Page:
It’s the first weekend of March, and despite all the snow outside spring is on the way!!!
Our package of seeds from Seed Savers Exchange has arrived, and we’re very excited for spring planting in the new raised bed garden my husband is going to build. The plan this year is to grow a garden using strictly heirloom seeds, and I’m really interested to see how they turn out. While I have never used any chemical fertilizers or pest management on our vegetable plot, this year we wanted to get really serious about the seeds we plant and see if we can get good production using solely heirloom seeds and organic fertilizers. Now, obviously, because we are not growing a large plot or doing any big-scale vegetable production, I think our chances for success are pretty good. The theory behind using a raised bed is that it will help me to keep up with the weeding and harvesting much more easily.
We’ve decided on a 4 x 8 frame that will be 10″ deep. Right now I am debating whether to rototill the soil before we install the bed frame (we are going to place it in the same spot as our original garden plots, or to start with some type of weed barrier at the base of the bed. On the one hand, we’ve had a few good years using that area of the yard, and have tilled it consistently and have never used chemicals on it. The thing is, we always lose the battle to invasive grass throughout the plot- which is why I want to switch to a raised bed. I’ve read in a few articles online that people often start with a base layer of cardboard to act as a weed barrier and it will naturally decompose eventually. Additionally, I don’t really want to spend a fortune on bags of potting soil… so I’m looking into more economical “make our own soil mix” methods that will use some of our own backyard soil, compost from the bin we started last year, and loads of manure. We’re going to use alpaca beans as our manure source, because it had a good amount of nitrogen and potassium, and can be used directly on the garden. It is not considered a “hot” manure and will not burn veggie plants when applied. It breaks down quickly with rain and watering and quickly improves garden soil. My dad has been using it for a number of years now and has had fantastic results with garden production.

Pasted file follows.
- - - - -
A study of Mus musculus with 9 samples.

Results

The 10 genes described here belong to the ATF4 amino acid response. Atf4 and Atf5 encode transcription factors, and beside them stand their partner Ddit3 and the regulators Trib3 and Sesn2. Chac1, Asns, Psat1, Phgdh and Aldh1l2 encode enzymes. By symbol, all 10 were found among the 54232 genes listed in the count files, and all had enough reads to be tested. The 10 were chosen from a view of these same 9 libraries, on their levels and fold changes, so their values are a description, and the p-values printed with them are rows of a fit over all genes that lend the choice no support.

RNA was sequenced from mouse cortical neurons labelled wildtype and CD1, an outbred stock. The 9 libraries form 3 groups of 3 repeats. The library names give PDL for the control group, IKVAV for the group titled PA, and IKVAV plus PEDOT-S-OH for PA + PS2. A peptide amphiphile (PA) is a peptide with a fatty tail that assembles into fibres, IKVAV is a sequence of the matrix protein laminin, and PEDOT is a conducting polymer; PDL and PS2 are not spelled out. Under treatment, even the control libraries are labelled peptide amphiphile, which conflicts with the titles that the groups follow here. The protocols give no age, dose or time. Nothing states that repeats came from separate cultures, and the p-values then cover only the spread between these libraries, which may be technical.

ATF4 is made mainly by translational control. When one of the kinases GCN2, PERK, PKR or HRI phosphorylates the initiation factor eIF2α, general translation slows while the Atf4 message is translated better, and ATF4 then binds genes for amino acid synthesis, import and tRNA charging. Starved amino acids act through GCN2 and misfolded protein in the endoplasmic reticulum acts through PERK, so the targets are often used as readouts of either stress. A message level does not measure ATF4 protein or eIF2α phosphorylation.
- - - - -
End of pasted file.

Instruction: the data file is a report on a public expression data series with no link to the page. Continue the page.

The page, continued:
The next thing I have to work on is plotting out how to plant this new garden for optimal production from the seeds we purchased. The peas are are actually not going in the bed because their trellising will take up so much space. For those, we’ll continue to use the pea fencing we installed last year for them. We’re also going to leave space to do multiple plantings of the lettuce to help spread out their season.
I know it’s still too early for us to get started with our garden here- snowing all week and the temps are still maxing out in the 30′s…but winter can’t last forever. Sooner or later, we’ll be starting these seedlings!